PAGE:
Jaffa (Apr. 3)
Joseph Mizrachi Urphali, the first Jew ever sentenced to death in Palestine since it came under British rule, and whose death sentence was set aside last January by the Court of Appeals which ordered a new trial, was today again sentenced to death. His new trial lasted hardly more than a day.
When the Court of Appeals rendered its opinion January 25 everyone expected that a retrial would mean an acquittal for the middle-aged Urphali. His counsel, Mordecai Eliash, was so certain that a new trial would vindicate Urphali, that he demanded a retrial in order to obtain complete vindication.
Urphali was charged with having been implicated in the murder of two Arabs who were killed on August 25 when the Arabs attempted to invade Tel Aviv from a point just outside of Urphali’s house. The Court of Appeals, in setting aside the lower court’s judgment, discredited the four Arab eye-witnesses and pointed out that it was impossible to reconcile their evidence with the medical evidence. The Court of Appeals held that the lower court had been unjustified in accepting the Arabs’ story.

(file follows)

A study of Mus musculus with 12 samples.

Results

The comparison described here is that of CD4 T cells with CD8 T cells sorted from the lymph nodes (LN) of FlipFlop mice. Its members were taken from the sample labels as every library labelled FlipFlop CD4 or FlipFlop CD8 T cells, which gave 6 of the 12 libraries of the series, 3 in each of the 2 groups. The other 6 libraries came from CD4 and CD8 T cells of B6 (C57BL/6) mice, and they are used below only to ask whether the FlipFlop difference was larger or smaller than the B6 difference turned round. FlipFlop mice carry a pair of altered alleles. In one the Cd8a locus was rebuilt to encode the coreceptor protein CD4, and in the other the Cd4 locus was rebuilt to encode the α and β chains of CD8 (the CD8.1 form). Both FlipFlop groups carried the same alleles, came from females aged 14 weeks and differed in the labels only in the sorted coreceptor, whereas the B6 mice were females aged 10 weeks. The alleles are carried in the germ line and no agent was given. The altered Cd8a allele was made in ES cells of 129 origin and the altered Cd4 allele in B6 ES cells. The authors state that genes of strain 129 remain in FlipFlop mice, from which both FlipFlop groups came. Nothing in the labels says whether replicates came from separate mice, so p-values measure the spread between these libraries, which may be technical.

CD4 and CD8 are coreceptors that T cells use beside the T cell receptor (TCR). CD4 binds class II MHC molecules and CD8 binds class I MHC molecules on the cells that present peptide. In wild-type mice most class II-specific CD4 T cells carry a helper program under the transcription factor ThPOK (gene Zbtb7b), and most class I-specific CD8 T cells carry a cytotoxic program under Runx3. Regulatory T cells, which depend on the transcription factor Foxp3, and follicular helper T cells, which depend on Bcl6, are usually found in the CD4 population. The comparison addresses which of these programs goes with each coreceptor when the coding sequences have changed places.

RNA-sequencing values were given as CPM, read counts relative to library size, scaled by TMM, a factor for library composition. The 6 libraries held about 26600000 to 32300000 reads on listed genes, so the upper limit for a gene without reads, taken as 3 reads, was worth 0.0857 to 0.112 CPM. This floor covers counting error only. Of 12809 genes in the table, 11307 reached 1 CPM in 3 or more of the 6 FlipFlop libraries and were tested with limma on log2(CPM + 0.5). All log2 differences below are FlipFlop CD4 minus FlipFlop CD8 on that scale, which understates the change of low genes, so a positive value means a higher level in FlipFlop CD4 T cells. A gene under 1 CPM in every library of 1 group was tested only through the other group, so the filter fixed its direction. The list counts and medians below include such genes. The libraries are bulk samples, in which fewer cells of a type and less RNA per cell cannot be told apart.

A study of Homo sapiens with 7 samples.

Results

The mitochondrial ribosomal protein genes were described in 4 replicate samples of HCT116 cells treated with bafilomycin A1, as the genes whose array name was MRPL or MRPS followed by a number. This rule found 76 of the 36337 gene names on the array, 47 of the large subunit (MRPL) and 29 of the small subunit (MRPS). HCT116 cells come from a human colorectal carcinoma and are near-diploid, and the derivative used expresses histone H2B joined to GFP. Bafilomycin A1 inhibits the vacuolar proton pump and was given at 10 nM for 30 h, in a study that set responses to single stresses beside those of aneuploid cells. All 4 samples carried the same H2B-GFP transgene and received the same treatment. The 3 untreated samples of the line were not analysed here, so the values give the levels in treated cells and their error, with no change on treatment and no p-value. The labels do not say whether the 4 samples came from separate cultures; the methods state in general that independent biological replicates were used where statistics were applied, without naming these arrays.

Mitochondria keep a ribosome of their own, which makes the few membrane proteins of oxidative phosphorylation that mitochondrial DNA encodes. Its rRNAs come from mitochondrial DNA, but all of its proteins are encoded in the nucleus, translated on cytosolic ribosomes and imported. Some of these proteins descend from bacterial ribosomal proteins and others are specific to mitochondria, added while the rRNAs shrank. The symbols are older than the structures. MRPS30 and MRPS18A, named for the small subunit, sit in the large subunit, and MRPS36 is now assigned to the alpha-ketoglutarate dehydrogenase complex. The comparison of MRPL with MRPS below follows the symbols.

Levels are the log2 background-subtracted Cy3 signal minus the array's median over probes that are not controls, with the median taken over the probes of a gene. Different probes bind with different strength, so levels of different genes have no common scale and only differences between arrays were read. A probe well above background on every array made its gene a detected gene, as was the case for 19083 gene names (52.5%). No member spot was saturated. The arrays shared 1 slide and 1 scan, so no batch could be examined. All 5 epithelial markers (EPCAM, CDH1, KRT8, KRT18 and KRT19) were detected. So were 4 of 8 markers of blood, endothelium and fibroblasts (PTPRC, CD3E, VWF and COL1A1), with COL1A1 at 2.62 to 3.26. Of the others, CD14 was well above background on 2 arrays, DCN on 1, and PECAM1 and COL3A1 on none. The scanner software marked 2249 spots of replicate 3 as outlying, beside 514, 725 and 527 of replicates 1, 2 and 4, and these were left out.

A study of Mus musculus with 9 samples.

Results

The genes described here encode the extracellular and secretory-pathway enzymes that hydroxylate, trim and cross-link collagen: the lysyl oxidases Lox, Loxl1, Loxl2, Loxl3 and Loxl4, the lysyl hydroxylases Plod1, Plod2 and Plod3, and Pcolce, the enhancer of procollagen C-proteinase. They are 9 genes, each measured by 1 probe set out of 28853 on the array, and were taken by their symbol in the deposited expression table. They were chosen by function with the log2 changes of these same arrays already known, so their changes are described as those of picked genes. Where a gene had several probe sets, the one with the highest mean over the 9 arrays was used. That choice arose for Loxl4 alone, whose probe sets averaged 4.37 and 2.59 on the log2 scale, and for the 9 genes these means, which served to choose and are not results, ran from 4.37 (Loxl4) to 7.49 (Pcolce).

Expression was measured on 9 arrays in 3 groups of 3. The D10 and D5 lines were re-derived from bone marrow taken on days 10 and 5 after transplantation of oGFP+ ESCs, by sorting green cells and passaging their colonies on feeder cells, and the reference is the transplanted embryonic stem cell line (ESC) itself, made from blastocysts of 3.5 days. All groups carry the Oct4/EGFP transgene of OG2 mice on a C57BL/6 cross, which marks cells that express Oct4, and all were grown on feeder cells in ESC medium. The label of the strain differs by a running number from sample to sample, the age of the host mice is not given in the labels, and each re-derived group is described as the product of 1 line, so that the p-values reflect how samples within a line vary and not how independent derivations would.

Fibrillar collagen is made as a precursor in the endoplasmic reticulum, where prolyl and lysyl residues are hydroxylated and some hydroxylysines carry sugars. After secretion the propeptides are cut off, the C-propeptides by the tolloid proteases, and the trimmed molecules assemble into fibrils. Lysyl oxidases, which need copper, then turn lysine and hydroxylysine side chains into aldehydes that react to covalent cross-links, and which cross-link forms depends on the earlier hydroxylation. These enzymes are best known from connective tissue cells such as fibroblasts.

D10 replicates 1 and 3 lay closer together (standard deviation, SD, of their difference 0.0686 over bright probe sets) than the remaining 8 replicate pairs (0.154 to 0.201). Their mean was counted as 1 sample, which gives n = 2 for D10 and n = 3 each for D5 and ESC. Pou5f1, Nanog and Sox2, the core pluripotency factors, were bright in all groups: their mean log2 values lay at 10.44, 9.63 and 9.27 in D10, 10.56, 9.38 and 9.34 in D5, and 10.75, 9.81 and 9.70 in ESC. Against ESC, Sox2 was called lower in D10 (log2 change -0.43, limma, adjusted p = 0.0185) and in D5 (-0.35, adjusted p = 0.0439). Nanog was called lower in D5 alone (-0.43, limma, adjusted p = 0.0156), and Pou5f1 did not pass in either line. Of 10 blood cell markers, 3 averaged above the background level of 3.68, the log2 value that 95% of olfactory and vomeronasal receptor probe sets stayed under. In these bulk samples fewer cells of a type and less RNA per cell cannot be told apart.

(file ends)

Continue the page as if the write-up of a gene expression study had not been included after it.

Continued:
Urphali’s new trial opened yesterday with two new witnesses testifying. Both witnesses were airmen who had participated in repulsing the attack on Tel Aviv. Of late they had been living in Egypt. They testified that when the Arab crowd attacked Tel Aviv they and other soldiers fired into the crowd of whom several fell wounded or killed. The airman also said that shots were fired by non-military people.
Since the commutation of the death sentence of Simcha Hinkis, the Jewish police constable, Urphali remains the only Jew under the death penalty.